Thursday, April 13, 2023

Proto 2000 S-1 Decoder Install/Test (Part 2)

As you may have noticed in my last post, I've made a bit of progress in Essex (fine-tuning some terraforming and tweaking a build template/footprint for the Dickinson's Witch Hazel distillery), and also Deep River (widening/moving the aisle to provide more room for the lace factory). But hopefully you also noticed at the end a couple of pictures of my latest decoder install. . .

This is going to be the main diesel power for the Valley Local: New Haven DEY-3 class (Alco S-1) #0967. I've been noodling on this install since at least late last year (click here for the last detailed post starting the project - "Part 1" of this conversion), trying to determine the best way to approach it and fit everything. But as of tonight, I can declare the install "DONE."

What we have here is an ESU v5 micro sound decoder (with hardwired Next18 plug), ESU PowerPack ("keep alive"), and a Scale Sound Systems speaker. Per the speaker installation instructions, I removed the weight from over top of the drivetrain and attached the speaker using the factory screw. Prior to all of this though, I first had to isolate the motor to make the model truly DCC-ready (click here for how I did that).

Couple of things to note:
  • The motor wires must be backwards since I matched the gray and orange wires to the decoder, but the loco ran backwards. Instead of reversing the (now-soldered and shrinktubed) wires, I just changed the direction in CV29.
  • If I were to do this install again, I would direct-wire the gray motor wire and the two speaker wires to save 3 splices (and the associated shrink tubes, and extra wire that has to be tape tucked).
  • I don't think removing the 1.5oz of weight is going to make that much of a difference to me. All of my layout is flat except for a 2% grade from East Haddam to Middletown. But even on the prototype, typical trains up the grade would only be 3-5 cars max. I'll report back.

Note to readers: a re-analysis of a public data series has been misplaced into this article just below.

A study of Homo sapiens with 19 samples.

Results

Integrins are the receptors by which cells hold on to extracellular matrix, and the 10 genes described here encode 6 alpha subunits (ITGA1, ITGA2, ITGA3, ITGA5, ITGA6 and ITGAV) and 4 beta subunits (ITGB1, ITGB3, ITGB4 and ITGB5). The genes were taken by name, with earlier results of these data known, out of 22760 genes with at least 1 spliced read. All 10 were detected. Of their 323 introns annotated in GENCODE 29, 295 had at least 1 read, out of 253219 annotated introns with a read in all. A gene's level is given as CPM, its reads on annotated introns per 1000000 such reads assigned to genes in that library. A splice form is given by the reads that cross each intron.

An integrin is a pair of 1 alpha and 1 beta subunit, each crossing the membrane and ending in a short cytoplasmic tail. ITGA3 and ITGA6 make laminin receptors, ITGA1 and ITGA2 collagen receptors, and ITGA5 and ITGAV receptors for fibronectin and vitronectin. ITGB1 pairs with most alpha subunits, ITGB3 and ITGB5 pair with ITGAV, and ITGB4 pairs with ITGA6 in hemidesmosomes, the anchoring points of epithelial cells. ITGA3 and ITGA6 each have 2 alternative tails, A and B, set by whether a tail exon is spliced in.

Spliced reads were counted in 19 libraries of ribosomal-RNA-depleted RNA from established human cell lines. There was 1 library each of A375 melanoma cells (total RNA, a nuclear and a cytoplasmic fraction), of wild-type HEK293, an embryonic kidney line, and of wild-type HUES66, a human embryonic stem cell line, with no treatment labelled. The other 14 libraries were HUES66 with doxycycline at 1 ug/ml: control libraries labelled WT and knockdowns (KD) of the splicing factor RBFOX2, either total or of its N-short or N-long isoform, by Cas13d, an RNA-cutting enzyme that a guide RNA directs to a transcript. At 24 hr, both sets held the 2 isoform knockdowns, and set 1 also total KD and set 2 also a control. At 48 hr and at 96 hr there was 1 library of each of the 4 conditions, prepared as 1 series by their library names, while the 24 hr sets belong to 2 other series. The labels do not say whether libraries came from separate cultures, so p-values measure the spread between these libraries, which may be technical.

• While JT at SSS strongly cautions against any modification of his speaker enclosures, I found that I had to file down the molding ridges on both sides to allow the body/frame to slide down onto the chassis more easily. As long as you're ONLY removing the ridge, and not thinning the wall of the enclosure, you'll be fine.
  • Note that I have not (yet) installed lights. I don't know that I'll bother (the New Haven didn't use headlights during the day during my era, and the Valley Local didn't operate at night), but I left the white/yellow/blue wires intact just in case I change my mind later.
  • Speaking of wires, I removed/cut off the green and violet wires (AUX 1 & AUX 2, respectively) since I didn't need them, don't expect to ever need them, and didn't want them in the way.
  • The only thing I mounted into the body shell was the PowerPack:

As you can see, it fits really nicely above the rear truck and doesn't come into the cab (which will have a full interior).

So, how does it run and sound? GREAT! And even without doing the ESU tuning. Check out the video:

So there you have it - lemme know what you think. And special thanks to the AML Wednesday Night Chat guys for keeping me company and for all the helpful tips and tricks. Those zoom chats are ideal for working at the bench - and with folks "joining" you for a visit!

Next step(s): Modifying and detailing the body to transform this model into as true a representation of a DEY-3 as I can. Stay tuned!